Critical Teaching for Social Change
What kind of educational system do we have? What kind do we need? How do we get to one from the other?
What do teachers say about subject matter? Do students feel free to disagree with the teacher? Do students respond to each other's remarks? Do they act like involved participants or like alienated observers? Do students work cooperatively, or is the class a competitive exchange favoring the most assertive people?
Shor explains how education is an Empowering Education. It is a democratic way of teaching that is a student-centered progrom for multicultural democracy in school and society. Education should be promoting individual growth as an active, cooperative, and social process.
Shor quotes Meier, "You must arouse children's curiosity and make them think about school. For example, it's very important to begin the school year with a discussion of why we go to school. Why does the government force us to go to school? This would set a questioning tone and show the children that you trust them and that they are intelligent enough at their own level to investigate and come up with answers."
This is an example that Shor uses to defend his reasoning behind democratic pedagogy and how it is important for students to feel connected to their learning. Children need to participate and express themselves in an "opened" classroom focusing on the needs of the students. He argues student-centered learning comapred to teacher-centered learning. Teacher-centered leanring focuses on rote learning and memorization, which is often viewed as bad practice, although some would argue that rote memorization is a necessary first step in learning some subjects. He thinks that this teaching style lacks understanding and it's impossible to grasp meaning and apply the knowledge to other areas. Student-centered learning is focused on the student's needs, abilities, interests, and learning styles with the teacher as a facilitator. This classroom teaching method acknowledges student voice as central to the learning experience for every learner. They teach each other, respect each other, and learn from each other. Their learning requires students to be active, responsible participants in their own learning.
Shor quotes Banks (1991): "A curriculum designed to empower students must be transformative in nature and help students to develop the knowledge, skills, and values needed to become social critics who can make reflective decisions and implement their decisions in effective personal, social, politcal, and economic action."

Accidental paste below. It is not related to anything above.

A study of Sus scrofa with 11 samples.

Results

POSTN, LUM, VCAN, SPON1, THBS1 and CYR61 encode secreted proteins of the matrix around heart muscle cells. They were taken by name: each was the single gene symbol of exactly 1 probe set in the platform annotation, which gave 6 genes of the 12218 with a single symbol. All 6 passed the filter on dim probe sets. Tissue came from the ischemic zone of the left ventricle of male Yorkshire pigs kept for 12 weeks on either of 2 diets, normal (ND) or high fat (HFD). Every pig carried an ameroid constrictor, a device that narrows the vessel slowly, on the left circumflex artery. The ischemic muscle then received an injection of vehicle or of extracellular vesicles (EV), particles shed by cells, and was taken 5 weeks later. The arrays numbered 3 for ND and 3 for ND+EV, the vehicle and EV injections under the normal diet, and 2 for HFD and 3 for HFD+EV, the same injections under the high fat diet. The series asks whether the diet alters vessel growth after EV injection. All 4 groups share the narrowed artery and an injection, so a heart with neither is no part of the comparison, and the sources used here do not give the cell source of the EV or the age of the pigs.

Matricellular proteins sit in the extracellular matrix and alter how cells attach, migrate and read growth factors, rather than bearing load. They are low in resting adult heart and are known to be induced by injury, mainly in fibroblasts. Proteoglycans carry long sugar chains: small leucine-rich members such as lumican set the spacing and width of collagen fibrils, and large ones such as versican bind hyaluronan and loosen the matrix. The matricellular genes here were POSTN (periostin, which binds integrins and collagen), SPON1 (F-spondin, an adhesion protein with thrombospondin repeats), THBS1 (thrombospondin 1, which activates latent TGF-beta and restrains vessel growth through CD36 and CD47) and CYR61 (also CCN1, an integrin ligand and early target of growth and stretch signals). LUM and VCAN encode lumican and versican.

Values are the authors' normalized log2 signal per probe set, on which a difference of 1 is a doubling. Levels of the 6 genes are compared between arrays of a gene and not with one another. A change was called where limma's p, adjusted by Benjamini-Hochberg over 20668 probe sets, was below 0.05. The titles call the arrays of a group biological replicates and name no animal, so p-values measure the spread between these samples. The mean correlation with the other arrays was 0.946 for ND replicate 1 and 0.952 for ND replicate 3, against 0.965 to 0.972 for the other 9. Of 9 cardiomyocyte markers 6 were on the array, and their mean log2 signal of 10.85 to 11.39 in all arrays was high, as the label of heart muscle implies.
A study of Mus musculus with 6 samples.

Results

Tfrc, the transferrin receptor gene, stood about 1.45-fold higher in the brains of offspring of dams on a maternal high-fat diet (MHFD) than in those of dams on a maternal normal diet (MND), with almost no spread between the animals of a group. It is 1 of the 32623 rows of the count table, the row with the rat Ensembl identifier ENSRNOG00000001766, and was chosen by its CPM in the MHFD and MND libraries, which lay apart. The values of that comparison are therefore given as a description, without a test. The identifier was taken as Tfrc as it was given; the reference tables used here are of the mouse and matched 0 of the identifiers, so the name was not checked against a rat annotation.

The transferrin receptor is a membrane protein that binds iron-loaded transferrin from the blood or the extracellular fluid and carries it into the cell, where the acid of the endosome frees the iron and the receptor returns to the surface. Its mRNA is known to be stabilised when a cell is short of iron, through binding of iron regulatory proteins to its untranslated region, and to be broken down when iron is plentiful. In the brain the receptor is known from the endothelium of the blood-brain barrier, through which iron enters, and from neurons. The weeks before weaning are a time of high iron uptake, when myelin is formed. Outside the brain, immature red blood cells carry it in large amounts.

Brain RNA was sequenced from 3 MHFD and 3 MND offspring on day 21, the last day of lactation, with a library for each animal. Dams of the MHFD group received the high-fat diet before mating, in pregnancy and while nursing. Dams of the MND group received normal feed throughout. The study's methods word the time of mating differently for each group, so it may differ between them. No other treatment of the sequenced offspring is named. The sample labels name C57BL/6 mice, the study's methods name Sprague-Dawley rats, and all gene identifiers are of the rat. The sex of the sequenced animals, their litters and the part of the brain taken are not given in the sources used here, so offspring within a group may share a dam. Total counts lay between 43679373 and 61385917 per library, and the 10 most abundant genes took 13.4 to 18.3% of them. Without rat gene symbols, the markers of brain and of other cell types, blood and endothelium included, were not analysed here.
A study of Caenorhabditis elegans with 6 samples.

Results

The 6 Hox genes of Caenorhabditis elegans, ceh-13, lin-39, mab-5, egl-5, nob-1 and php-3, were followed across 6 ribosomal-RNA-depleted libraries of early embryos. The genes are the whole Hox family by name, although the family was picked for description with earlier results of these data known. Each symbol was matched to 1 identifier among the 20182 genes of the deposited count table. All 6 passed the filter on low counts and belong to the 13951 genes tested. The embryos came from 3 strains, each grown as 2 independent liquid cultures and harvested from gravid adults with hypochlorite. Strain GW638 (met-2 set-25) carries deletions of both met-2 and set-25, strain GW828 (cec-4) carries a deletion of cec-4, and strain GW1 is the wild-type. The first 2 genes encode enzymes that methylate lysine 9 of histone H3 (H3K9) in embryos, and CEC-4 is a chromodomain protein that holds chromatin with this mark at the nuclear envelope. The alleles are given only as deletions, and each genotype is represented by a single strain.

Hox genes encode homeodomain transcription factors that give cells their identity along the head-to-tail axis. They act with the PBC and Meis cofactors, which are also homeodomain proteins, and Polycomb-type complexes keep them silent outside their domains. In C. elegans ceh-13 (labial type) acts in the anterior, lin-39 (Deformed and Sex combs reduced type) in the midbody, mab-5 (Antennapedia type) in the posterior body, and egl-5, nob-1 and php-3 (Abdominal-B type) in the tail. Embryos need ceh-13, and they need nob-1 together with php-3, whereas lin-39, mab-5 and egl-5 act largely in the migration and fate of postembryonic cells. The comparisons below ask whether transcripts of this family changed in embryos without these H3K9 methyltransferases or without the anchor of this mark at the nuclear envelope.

Shor uses this quote in his article because it explains how collaboratively we could bring young people together in implementing children's self-interest, experience, and culture in the curriculum. It would address significant issues and enlighten students' knowledge. It would involve students in activities in understanding themselves, one another, and the world around them. He explains how people are born learners who should be able to ask why. A curriculum should not avoid students' questioning and students' critcial thinking of the world. In a curriculum that encourages, student questioning helps students to examine their learning, their everyday experience, and the conditions in society. Empowered students make meaning and imply their knowledge. A democratic curriculum involves issues of race, class, gender, sexual orientation, and so on, and encouraging students to tackle such questions. It results in far more authentic learning than providing students with a few multicultural resources to fill curriculum gaps. Students are real people with real concerns. As students work together to solve problems, create projects, make decisions, and organize their thoughts, they learn to respect one another, contribute ideas, and build a community in the classroom.
The National Institute of Education (1984) cited student involvement as the most important reform needed in undergraduate education: "There is now a good deal of research evidence to suggest that more time and effort students invest in the learning process and the more intensely they engage in their own education, the greater will be their growth and achlevement their satisfaction with their educational experiences, and their persistence in college, and the more likely they are to continue their learning."
Shor cites this quote because he thinks that if teachers hold high expectations for their students in a democratic pedagogy way of teaching then students will further their education expereinces. They are more than likely to continue their way of learning and succeed. What would students get out of education if they don't understand and if they don't make since of it by questioning, by hearing others, by teaching others? Education for empowerment is not something done by teachers to students for their own good, but is something students develop for themselves led by a critical and democratic teacher.